For Manitoba's huge pig industry, the last five years have been biblical in their awfulness

(Ian Willms/Boreal Collective)


And now, on a morning in December, with Puratone and Big Sky gone, with empty barns all over Manitoba, with the cost of feeding a pig just barely less than the money that can be made from selling that pig at market, the Grinch is coming, the Inquisitor, the one who, as T.S. Eliot put it, knows how to ask questions.

The rumour at Hog Days is that the W5 program will include footage of some reprehensible animal husbandry. “I’m sure it’s at least partly about gestation stalls,” says Bergmann, referring to the cramped individual pens where, in many Canadian barns, gestating sows spend the better part of their lives, unable to move more than a few inches. “The animal-rights people have been running protest ads on TV about them.”

Bergmann’s great hope is that somehow, miraculously, the NHL lockout will end, and there will be hockey Saturday night, and that people will be watching the puck, not the pigs.


As it turns out, there is an almost cartoon simplicity to the choices pig farmers have in keeping the sky aloft as the torments of the age rain down upon them. “You either go big or you go small,” says George Matheson, who has farmed pigs near Stonewall for 30 years and who, in his recent decision to go small, has taken to selling his market-ready animals directly to consumers who want what he calls “good meat raised in healthy conditions on a little family farm.”

By contrast, HyLife Foods, Canada’s largest privately owned producer and processor, has expanded to a point where it is selling 1.4 million animals a year—nearly 4,000 a day—to the restaurants, dining tables and lard factories of the world. “If you’re that big,” says Derek Brewin, who teaches agricultural economics at the University of Manitoba, “your profits are about volume, maybe just a few dollars a pig after your employees are paid and your debt serviced and your invoices and taxes covered.”

Whether you’re big or small, adds Brewin, “you have to be ruthlessly efficient.” This requires, among other things, maximizing piglet production and survival. “These days,” says Andrew Dickson, “a good sow gives birth to an average of 2.4 litters a year, about 25 piglets. If you lose one or two piglets, there goes all the advantage you’ve worked so hard to achieve.”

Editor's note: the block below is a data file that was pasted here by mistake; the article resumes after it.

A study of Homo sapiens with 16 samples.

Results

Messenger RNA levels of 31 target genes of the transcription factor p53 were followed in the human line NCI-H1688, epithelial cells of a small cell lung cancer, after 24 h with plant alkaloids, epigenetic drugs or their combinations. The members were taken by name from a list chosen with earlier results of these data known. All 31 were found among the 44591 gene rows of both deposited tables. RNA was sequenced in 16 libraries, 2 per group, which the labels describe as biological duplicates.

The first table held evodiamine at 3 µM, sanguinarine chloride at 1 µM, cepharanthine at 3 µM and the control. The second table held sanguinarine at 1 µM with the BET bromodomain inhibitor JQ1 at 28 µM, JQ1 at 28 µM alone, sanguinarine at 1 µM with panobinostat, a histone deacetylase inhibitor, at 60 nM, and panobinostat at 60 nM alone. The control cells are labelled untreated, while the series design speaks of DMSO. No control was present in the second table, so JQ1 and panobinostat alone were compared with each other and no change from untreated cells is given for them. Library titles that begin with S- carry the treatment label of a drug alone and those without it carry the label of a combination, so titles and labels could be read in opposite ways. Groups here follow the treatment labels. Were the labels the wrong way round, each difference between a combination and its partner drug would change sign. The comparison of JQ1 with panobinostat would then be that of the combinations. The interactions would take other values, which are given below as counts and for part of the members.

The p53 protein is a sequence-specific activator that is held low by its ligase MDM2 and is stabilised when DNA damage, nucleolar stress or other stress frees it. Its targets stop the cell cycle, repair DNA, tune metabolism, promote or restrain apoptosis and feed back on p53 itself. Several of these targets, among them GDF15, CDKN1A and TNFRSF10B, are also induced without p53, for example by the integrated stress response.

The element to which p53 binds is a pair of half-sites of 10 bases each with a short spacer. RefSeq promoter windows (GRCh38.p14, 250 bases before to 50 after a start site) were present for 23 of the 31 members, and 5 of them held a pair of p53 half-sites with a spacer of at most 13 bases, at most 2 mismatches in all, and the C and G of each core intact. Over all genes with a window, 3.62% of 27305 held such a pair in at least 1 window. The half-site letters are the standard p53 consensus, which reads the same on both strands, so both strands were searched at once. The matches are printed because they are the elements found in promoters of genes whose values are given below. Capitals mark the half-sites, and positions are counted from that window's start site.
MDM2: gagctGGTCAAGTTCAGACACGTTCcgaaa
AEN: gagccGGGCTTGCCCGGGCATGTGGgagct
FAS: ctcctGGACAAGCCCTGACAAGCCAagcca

Efficiency has also given rise to the controversial gestation stalls, whose original purpose was to isolate and calm pregnant sows, prevent them from having to compete for food, from fighting, from stressing one another out, which can lead to smaller or premature litters.

However, in Mondo Pig (as in industries ranging from hospitality to entertainment to travel) it is, more than anything, the concept of vertical integration that has come to signify efficiency. According to George Matheson, the term describes “control of every factor, from a pig’s beginnings as a shot of boar spunk, through weaning, feeding, butchering and marketing” to its culinary debut as as a pulled-pork sandwich or a ginger-baked ham.

HyLife is a paragon of what can be achieved through such a strategy. “Farm gate to kitchen plate” summarizes Denis Vielfaure, one of a trio of brothers who in 2008 with their partner Don Janzen converted a smallish rural slaughterhouse owned by a co-operative of Mennonite swine farmers into a state-of-the-art plant east of Neepawa. HyLife owns local barns housing some 60,000 sows that give birth to a million or more of the pigs that are processed annually at the plant, while another 400,000 come from independent farmers. “Instead of covering somebody else’s profits in growing feed or managing genetics or transporting animals,” says Vielfaure, “we pay ourselves to do those things.”

The company pays itself again in cutting and packaging the loins or livers or heads it ships to China or Japan, or the oven-ready ribs it custom-cuts for the Tony Roma’s restaurant chain. Or the mountains of yellowish skin that go to Mexico for makeup and pharmaceuticals. Or the blood for the feed mills; or the bones for the porcelain industry; or the rubbery little pig rectums, pinkish sea creatures that go to Beijing and Seoul, where they are a delicacy on the order of snake liver or dog tongue.